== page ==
7 December 2022

Like Rachel, we must refuse to settle for anything less than resurrection

We must refuse consolation just as Rachel does. Picture iStock.

By Scott Kirkland 

18 November 2022

A few weeks ago I had the chance to reflect on the parable of the unjust judge with some students who were leaving Trinity College after completing their course of studies. It is a strange parable in which God is presented as a judge who ought to be struck off the bench, with a faithful widow appealing to him for justice. As Luke presents this to us, this is about the need to continue to pray without losing heart (Luke 18:1-8). I thought I would extend those reflections here to think a bit about the practice of theological ethics in the present.  

This past month we have been struck yet again with a crisis, another wave of flooding. Of course, I say “yet again” because it seems that the moments in which we are not facing a crisis are now the exceptional ones. Here we are, yet again, cleaning up, rolling out emergency services, fundraising, “responding”. Be it bushfire, flood, extinctions, pandemic, nuclear war, indigenous incarceration, inflation, inequality, the crisis has become the norm. Anyone who has been in my classes will know that this is a rather familiar refrain from me.  

Read more: God freed me, may it be so for you also

It’s not for nothing that my colleague Professor Dorothy Lee has lovingly dubbed me the faculty Eeyore. At the start of my introduction to theology unit we begin with the cry of Rachel for her children. This cry is cited by Jeremiah (31:15), where the prophet writes,  

Rachel is weeping for her children; 

  she refuses to be comforted for her children, 

  because they are no more. 

Rachel refuses consolation, for her children are no more. To refuse consolation in the face of great loss is an act of resistance. It is an act of resistance because it is a refusal to accept injustice, it is a refusal to accept that “it is what it is” as we so often say, it is a refusal to be consoled by anything other than resurrection. Refusal is hope.  

I try to introduce theology and ethics through Rachel and through this refusal of consolation to help students see that there is no way of disentangling a relentless petition for justice and an absolute solidarity with the downtrodden from a resistance to any false god placed before us. What is the creed we say together other than the refusal to say anything less than that God is a criminal who died on a cross at the hands of an unjust imposter of a ruler, and we stand here as witness to his vindication, the judgement of his Father, resurrection.  

The parable of the unjust judge presents us with, strangely, God as antihero, an unjust judge, and a widow. This widow, like Rachel, refuses to accept unjust judgement. She petitions the judge again and again, asking for vindication from her enemy. The judge gets fed up with dealing with her and offers justice.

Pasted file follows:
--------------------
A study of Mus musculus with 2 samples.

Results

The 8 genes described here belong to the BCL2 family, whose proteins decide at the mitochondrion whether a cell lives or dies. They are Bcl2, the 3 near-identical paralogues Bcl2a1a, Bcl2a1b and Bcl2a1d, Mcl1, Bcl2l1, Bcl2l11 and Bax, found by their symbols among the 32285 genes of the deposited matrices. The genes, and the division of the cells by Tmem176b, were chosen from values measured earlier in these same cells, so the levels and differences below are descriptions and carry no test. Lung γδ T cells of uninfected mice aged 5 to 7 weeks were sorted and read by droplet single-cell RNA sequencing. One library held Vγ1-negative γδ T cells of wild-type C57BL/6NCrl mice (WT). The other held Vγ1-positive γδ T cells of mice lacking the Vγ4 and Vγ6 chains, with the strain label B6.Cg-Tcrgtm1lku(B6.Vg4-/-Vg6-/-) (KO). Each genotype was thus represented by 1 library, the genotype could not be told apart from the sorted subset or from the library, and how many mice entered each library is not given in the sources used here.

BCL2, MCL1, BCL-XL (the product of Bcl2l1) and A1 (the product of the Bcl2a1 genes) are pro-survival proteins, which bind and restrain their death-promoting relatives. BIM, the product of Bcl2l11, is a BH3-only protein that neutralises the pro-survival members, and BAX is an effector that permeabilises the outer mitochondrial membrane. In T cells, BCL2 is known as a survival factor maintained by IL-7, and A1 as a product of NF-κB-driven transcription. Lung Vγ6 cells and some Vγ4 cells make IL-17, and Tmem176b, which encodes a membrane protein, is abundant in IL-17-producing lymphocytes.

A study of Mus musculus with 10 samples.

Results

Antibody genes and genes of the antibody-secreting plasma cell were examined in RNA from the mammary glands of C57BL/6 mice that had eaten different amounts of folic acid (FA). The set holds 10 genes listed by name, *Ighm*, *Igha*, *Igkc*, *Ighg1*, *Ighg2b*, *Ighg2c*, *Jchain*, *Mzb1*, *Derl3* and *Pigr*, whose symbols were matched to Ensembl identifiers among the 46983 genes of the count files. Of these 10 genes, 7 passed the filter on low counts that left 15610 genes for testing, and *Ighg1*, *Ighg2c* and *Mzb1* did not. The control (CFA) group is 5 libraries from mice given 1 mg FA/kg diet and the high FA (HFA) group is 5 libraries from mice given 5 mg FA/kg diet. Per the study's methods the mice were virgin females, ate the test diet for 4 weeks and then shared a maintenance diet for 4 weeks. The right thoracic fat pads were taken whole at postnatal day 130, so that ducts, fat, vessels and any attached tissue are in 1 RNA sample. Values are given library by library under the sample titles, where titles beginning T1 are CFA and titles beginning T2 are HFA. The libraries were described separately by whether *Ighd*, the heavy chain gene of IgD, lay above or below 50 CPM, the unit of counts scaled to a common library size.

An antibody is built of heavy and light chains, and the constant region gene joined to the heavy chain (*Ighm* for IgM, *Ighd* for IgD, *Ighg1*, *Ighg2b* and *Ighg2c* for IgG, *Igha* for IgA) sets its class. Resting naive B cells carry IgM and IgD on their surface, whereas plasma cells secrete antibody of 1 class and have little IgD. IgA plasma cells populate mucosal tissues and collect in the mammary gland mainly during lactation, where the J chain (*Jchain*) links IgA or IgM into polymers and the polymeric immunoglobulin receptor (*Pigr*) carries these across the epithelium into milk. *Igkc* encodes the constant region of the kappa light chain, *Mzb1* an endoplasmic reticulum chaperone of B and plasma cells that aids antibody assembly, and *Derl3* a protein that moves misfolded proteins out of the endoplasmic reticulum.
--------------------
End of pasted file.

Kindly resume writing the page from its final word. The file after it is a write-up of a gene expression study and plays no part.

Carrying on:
Jesus concludes this parable by asking, “and yet when the Son of Man comes, will he find faith on earth?”. What are we to learn here? This world is unjust, time is out of joint. As mentioned above, we face a cascade of crises over which we feel utterly impotent. As soon as one leaves, giving us a chance to respond, another arises to trap us in its present, in its urgency. Like the widow, our enemy seems to prevail without judgement being rendered. The forces of darkness – the powers and principalities – throwing people into poverty, destroying our planet, going to war for vainglory and twisted histories, it so often feels as though they are winning.  

Read more: I want to talk to my colleagues about Christianity, where do I start?

“And yet when the Son of Man comes, will he find faith on earth?”. When the Son of Man comes, he will vindicate the widow. He will vindicate the one who has refused to acquiesce, who has refused false consolation, who has refused to not mourn the loss of children, who has refused to stop praying. Prayer is an act whereby we appeal in the crucified and resurrected Son of God the Father, who is judge of the world, for justice. It is to do theology. It is to name the false gods for who they are, to confess the true God, and so in faith to live under the sign of the crucified, for the days are coming.  

The exhortation I offered those students a few weeks ago, and which I offer you now, is to go forth and do theology like the widow, like Rachel. Refuse the false gods on offer, refuse false hopes, refuse to settle for anything less than resurrection. Pray relentlessly. This will require you to think, it will require you to act, it will require discernment, it will require everything you have to not give in to those false gods and to continue to stand alongside the widow, the poor, the outcasts. The gospel asks for nothing less. For all that is comes from God, and it is only ours as we give it away. I will leave you with a favourite quote from Simone Weil, an early twentieth century French theologian, philosopher and mystic:  

Creation is an act of love and it is perpetual. At each moment our existence is God’s love for us. But God can only love himself. His love for us is love for himself through us. Thus, he who gives us our being loves in us the acceptance of not being. 

Our existence is made up only of his waiting for our acceptance not to exist. He is perpetually begging from us that existence which he gives. He gives it to us in order to beg it from us.  

Dr Scott A Kirkland is Stockdale Senior Lecturer in Ethics at Trinity College Theological School, Melbourne.